Scope three emissions obligations
For Brian Innes, partner - energy transition at Partners in Performance, the issue isn’t just about delays, but about supplier and offtake challenges miners will need to adapt to as climate change progresses. These concerns are covered by scope three in emissions accounting, which covers the most tenuous of carbon connections to a business and stretches across the product lifecycle and supply chain.
“There are some physical risks that come with climate change, including sea-level rise, changing vegetation, changes in rainfall patterns,” he said. “For the physical mine itself, these risks are generally pretty manageable. The risks that are less manageable are about what's happening up and down the supply chain.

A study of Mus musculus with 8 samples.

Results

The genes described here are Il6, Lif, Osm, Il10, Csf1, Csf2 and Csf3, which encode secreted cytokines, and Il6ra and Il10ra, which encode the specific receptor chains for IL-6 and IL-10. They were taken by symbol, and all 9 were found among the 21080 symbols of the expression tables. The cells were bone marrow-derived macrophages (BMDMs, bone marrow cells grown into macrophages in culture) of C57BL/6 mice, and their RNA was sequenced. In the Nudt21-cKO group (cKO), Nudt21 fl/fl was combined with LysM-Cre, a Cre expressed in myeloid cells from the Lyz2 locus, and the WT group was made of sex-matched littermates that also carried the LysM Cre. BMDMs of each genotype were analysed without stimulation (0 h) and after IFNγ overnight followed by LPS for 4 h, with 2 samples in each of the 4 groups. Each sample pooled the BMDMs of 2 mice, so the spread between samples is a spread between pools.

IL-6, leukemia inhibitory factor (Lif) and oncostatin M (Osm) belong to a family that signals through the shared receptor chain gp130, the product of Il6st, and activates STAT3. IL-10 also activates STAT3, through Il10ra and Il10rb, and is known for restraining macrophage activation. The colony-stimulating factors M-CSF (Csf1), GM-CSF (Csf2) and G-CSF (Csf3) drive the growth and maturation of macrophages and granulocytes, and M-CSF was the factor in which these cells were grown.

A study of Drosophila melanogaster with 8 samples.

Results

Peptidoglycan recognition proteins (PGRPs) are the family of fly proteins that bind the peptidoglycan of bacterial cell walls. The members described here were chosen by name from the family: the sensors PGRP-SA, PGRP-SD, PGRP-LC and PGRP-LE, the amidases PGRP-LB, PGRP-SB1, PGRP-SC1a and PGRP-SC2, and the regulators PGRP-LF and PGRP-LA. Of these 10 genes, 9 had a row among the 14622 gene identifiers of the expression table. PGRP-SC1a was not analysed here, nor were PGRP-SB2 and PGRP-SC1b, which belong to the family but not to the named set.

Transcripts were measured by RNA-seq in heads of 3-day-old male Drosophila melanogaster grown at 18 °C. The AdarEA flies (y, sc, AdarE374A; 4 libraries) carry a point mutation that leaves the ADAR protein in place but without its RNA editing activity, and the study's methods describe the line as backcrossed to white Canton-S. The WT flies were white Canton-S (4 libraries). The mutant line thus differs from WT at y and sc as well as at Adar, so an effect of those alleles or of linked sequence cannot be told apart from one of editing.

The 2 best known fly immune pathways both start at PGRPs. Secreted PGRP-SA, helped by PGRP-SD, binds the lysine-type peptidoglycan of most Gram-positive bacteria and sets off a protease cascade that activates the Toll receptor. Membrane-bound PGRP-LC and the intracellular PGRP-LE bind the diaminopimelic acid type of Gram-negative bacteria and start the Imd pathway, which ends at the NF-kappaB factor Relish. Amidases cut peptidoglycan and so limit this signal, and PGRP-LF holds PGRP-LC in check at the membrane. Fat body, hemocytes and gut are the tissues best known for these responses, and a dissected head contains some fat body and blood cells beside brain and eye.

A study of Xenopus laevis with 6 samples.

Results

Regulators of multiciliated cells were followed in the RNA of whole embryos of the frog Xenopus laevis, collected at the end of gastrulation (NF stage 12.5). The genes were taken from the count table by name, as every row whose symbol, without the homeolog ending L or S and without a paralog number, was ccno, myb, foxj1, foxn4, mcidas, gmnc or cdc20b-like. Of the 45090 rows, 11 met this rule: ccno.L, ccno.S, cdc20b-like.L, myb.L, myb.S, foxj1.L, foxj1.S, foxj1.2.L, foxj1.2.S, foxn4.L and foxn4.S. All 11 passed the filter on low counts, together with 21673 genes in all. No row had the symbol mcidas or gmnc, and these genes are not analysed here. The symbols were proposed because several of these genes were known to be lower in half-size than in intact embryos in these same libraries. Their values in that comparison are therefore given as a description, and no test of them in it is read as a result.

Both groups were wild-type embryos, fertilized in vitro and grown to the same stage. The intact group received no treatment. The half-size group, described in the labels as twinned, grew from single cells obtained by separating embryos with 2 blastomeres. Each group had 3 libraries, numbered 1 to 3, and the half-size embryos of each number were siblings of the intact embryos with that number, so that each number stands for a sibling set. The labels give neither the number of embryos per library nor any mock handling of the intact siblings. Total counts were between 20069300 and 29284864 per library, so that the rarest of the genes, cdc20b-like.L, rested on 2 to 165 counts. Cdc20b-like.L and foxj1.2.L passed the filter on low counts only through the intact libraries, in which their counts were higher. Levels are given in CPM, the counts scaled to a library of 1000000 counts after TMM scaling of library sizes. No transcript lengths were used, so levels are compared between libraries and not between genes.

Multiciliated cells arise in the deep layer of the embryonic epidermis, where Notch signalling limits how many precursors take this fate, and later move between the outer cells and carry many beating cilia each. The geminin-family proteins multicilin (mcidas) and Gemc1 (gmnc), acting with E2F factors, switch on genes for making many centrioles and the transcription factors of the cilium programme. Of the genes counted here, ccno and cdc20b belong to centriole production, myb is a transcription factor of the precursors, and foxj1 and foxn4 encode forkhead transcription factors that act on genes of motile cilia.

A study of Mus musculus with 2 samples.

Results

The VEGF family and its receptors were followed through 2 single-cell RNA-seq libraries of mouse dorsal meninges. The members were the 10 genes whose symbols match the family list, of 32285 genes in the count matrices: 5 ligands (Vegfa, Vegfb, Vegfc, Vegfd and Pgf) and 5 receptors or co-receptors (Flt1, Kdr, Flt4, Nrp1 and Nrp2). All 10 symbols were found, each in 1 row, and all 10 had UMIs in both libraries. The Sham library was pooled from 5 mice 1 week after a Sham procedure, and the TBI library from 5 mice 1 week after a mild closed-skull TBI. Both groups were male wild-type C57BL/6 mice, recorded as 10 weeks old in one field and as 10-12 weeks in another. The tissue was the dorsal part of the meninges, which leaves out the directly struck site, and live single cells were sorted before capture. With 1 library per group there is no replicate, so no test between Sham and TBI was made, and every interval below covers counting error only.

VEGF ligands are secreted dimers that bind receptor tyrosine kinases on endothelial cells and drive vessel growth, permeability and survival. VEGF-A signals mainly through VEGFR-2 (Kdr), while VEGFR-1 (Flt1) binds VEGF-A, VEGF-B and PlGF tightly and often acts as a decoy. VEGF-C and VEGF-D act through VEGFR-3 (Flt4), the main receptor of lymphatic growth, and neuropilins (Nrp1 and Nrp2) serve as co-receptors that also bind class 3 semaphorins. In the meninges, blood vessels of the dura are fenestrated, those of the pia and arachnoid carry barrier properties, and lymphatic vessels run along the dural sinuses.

“Scope three emissions, which involve questions like ‘are people going to want my product?’, present more of the material risk that some of the commodities we work with are struggling with.” “Metals producers are looking to make their product greener, says Brian’s colleague Inga von Fircks, partner - energy transition at Partners in Performance.
“They’re getting pressure from buyers who want to ensure their scope three emissions and upwards are greener and cleaner. “If you look at it on a project basis, there are likely going to be more projects with more demand for the non-fossil-fuel projects. “If miners are digging out metals rather than fossil fuels, they can actually do that in a very green and sustainable way, which can help them overcome some of the operational risks due to climate change and severe weather patterns,” von Fircks continued.
“The amount of hydrogen we have got to produce to green these products is immense, so there’s a whole lot of new projects coming online,” said Innes. “Australia has quite a bit of momentum here, from our resources base and the people who are playing in this space.”